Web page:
Scotland politics

Scottish independence: Ministers list bodies 'needing replication'

The DVLA is currently based in Swansea but serves the whole of the UK
Image caption The DVLA is currently based in Swansea but serves the whole of the UK

The UK government has said more than 200 bodies currently serving people and businesses in Scotland may need to be replicated post independence.

It published the names of those organisations after a request from the Scottish government.

The bodies include UK government departments, the BBC and DVLA.

The Scottish government said the list showed a "cluttered" UK public sector and that many functions could be taken into existing Scottish organisations.

UK ministers said the list was evidence of the changes that would need to be made if people vote for Scottish independence in September next year.

They also said the 200 figure was a conservative estimate, given that organisations such as the Bank of England do not feature on the list due to the technical definition of what constitutes a public body.

Voters will be asked the single yes/no question in next year's referendum: "Should Scotland be an independent country?"

Ahead of the historic vote, the UK government has been publishing papers on how it believes independence will be bad for Scotland and for the rest of the UK.

So far, it has given its views on the legal framework of the UK; the currency and financial services.

The UK government said it was publishing the list to help "inform the debate ahead of the referendum".

It added the information should "assist the Scottish government in explaining whether and how it would replicate these bodies or expand existing ones to perform many of the critical functions they carry out, and what the likely costs would be".

'Clearly a challenge'

Scotland Office Minister David Mundell said: "This list clearly illustrates the range of ways in which the UK delivers for Scotland and all other parts of the UK.

"I am sure it will be an eye-opener for some just how large and complex a task it would be to replicate many of the services and bodies that we have working for us as part of the UK today.

"This list is a detailed reminder of the many changes in every walk of life that Scotland would have to deal with under independence. This is one of the many changes independence would bring and it is clearly a challenge for the Scottish government to outline what it would recreate and at what cost to the taxpayer."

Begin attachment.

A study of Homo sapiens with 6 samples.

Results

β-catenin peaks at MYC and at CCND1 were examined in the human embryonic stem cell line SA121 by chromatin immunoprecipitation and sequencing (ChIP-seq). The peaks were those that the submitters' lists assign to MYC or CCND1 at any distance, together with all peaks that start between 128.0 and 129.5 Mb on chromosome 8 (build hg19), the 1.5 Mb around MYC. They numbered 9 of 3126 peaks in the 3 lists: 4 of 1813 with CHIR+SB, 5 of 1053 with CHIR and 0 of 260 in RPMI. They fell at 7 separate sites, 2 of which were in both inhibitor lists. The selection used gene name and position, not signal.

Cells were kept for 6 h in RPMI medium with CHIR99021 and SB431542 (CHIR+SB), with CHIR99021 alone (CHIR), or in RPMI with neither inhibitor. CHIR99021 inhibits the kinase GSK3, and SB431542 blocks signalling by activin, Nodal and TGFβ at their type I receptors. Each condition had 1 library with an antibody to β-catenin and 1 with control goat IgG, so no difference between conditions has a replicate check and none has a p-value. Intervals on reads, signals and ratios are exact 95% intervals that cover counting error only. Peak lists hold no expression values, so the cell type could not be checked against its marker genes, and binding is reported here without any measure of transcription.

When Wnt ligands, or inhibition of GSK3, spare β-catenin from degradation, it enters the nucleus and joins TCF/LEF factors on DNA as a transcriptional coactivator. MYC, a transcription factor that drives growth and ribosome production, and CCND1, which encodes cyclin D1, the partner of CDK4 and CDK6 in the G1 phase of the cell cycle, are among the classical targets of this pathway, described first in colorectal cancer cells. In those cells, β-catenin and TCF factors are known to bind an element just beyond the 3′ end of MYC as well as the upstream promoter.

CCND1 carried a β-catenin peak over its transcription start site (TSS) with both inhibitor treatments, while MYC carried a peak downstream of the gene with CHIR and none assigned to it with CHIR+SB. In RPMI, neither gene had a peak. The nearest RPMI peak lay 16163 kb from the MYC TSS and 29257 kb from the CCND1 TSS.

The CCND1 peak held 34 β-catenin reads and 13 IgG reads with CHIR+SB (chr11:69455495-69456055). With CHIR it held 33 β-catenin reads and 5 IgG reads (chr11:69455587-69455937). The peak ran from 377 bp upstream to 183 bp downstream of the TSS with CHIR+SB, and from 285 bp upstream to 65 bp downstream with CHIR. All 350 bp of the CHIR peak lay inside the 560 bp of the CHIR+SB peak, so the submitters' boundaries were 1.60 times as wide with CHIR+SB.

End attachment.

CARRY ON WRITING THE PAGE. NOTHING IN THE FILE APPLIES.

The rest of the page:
A Scottish government spokeswoman said Scotland already had much of the infrastructure of an independent country.

She said: "We are already effectively independent in many policy areas such as health, education, police, law and order, environmental policy, rural affairs and local government - and bodies covering these key areas already exist in Scotland.

"The list published today by the UK government shows just how cluttered and inefficient the UK public sector landscape is. Devolved public bodies will shortly reduce to 113, representing a 43% decrease from a baseline of 199 in 2007.

"It would be wrong to suggest that Scotland would need to replicate many of the bodies on the list such as Public Health England, the British Library or the Wilton Park Conference Centre, and the functions of many other UK bodies could be integrated into existing Scottish bodies.

"And for some of the bodies named in this list, Scotland also already has its own equivalent national bodies, for example we have our own national sporting and tourism authorities."

The Scottish government said it intended to continue outlining the shape of an independent Scotland in papers being published in coming months.

Similar roles

A deal setting out terms to hold a Scottish independence referendum was signed by Prime Minister David Cameron and First Minister Alex Salmond in October last year.

The SNP government secured a mandate to hold the ballot after its landslide Scottish election win in May 2011.

The UK government, which has responsibility over constitutional issues, granted limited powers to the Scottish Parliament to hold a legal referendum, under a mechanism called Section 30.

The Scotland Office first mentioned the number of organisations it believed would need to be replicated after independence in its first analysis paper, Devolution and the implications of Scottish independence, which was published in February this year.

However, in that publication it did not list the bodies.

UK ministers said there were some UK bodies on the list that carried out similar roles to those operating in Scotland under devolution, including UK Trade and Investment and Scottish Development International.

It pointed out that such examples may not need to be re-created under independence, "but they may need to be expanded or changed in order to assume the full range of responsibilities that are currently reserved in the UK".